When it comes to self-improvement, most of us have a hard time with follow-through—and whether you stuck to your Keto diet or not, there are likely items on your financial to-do list that just never get crossed off. One of the easy actions to delay is creating a will. After all, no one wants to think about their own mortality and, unfortunately, a legal will is one of those things that becomes crucial only after you’re gone.
More than half of Canadian adults—57%—don’t have a will. And of those who do, many are out of date because life events like marriage, divorce or the arrival of children haven’t been factored in. If you pass away without a will (what the courts call “intestate”), it doesn’t mean the government can take your money—that’s a common myth. It does mean they get to decide how your assets will be distributed, and you may not have say over who takes care of your children.
So, just like every responsible adult needs life insurance, retirement savings and an exercise routine (thanks a lot, slowing metabolism), creating a will is a key “adulting” milestone. Unlike crossfit, though, creating a will requires a lot less time and effort than you think.
What you need before you start
Many people think you need to gather financial statements, life insurance documents and other paperwork before you create your will. That’s not the case. All you really need is an idea of who your executor will be, who will be the guardian for your children or pets (if you have any), and how your estate will be distributed. No paperwork, no number crunching—just some important decisions.
Identify an executor. Your executor is the person who will be in charge of following the wishes outlined in your will. You should choose someone you trust: your spouse, a family member or responsible friend. Also, make sure to choose a backup in case your first choice is unable to or decides they don’t want to act in this role. It’s always nice to talk to your executor first to ensure they’re up to the task—it’s a big job, and you don’t want to spring it on them after you’ve created your will. Also, your executor needs to know where you’ve stored your will, so they or a family member can find it easily.
Decide on guardians for minor children or pets. This is the one parents tend to argue about most: Should kooky Uncle Brian look after the kids if you aren’t around, or should it be your wife’s second cousin, your parents, or a trusted family friend? Choosing a guardian is important, and should be a joint conversation between you and your partner. Again, make sure you talk to your potential guardian first—you want them to be up for the job, and not everyone is into becoming an instant parent. For will-makers who are pet parents, you’ll want to decide who looks after your furry friend (and you might want to leave your pet guardian some money to look after Fido; after all, he can’t get a job).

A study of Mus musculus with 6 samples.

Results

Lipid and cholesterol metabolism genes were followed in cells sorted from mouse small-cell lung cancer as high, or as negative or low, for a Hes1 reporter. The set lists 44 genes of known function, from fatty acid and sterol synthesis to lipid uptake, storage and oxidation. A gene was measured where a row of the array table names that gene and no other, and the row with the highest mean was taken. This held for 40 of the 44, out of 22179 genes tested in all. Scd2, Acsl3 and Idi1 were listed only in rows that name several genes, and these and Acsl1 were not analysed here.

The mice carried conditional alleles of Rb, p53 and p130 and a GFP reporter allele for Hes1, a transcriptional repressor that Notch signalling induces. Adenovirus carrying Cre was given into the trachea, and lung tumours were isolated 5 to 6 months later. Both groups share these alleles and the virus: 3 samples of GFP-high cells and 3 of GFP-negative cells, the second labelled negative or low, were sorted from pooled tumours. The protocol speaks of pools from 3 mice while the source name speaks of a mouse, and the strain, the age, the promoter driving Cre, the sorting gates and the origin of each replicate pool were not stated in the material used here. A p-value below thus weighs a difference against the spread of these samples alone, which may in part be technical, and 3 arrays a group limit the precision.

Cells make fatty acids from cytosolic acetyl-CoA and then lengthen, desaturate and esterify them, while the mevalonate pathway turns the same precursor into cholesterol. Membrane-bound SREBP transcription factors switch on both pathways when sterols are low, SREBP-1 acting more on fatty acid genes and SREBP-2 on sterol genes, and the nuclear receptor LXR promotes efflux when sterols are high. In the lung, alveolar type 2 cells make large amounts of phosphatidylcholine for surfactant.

Who are your beneficiaries? The beneficiaries are the people who will inherit your estate, which is comprised of all the assets you own. You can divide your estate equally or unequally among whomever you want—spouse, children and even charities. There’s no need to stipulate specific items unless you want to leave a specific gift or cash amount to an individual or charity.
Once you’ve made those decisions, it’s time to create your will. One myth about creating a will is that you have to have it created by a lawyer—in fact, you can make a document legally binding as long as it’s written or typed by you, and signed properly by two witnesses who will not benefit from your estate. You can absolutely visit an estate lawyer to create your will (or a notary in Quebec), or you can use an online will service like Willful*, which helps guide you through the process online (all of the content on Willful is created in partnership with estate lawyers). The best part about using an online will platform that walks you through the process is that can complete your will in less than 20 minutes, from the comfort of your couch. Heck, you can even create your will in your PJs. Once you’ve printed your will and had it signed properly, you have a legally binding will. (Canadian law stipulates that you can’t digitally sign your will. You can buy a house via digital signature, but wills are still stuck in the ’90s!)
So there you have it: A few key steps to knocking “make a will” off your to-do list in 2019, for less time than you’ll spend cooking dinner tonight.
Erin Bury is the CEO at willful.co, an estate planning startup that provides an affordable, convenient, and easy way for Canadians create a legal will online for a fraction of the cost of visiting a lawyer. She only created her will when she launched this company, so she’s no stranger to procrastinating on this key to-do.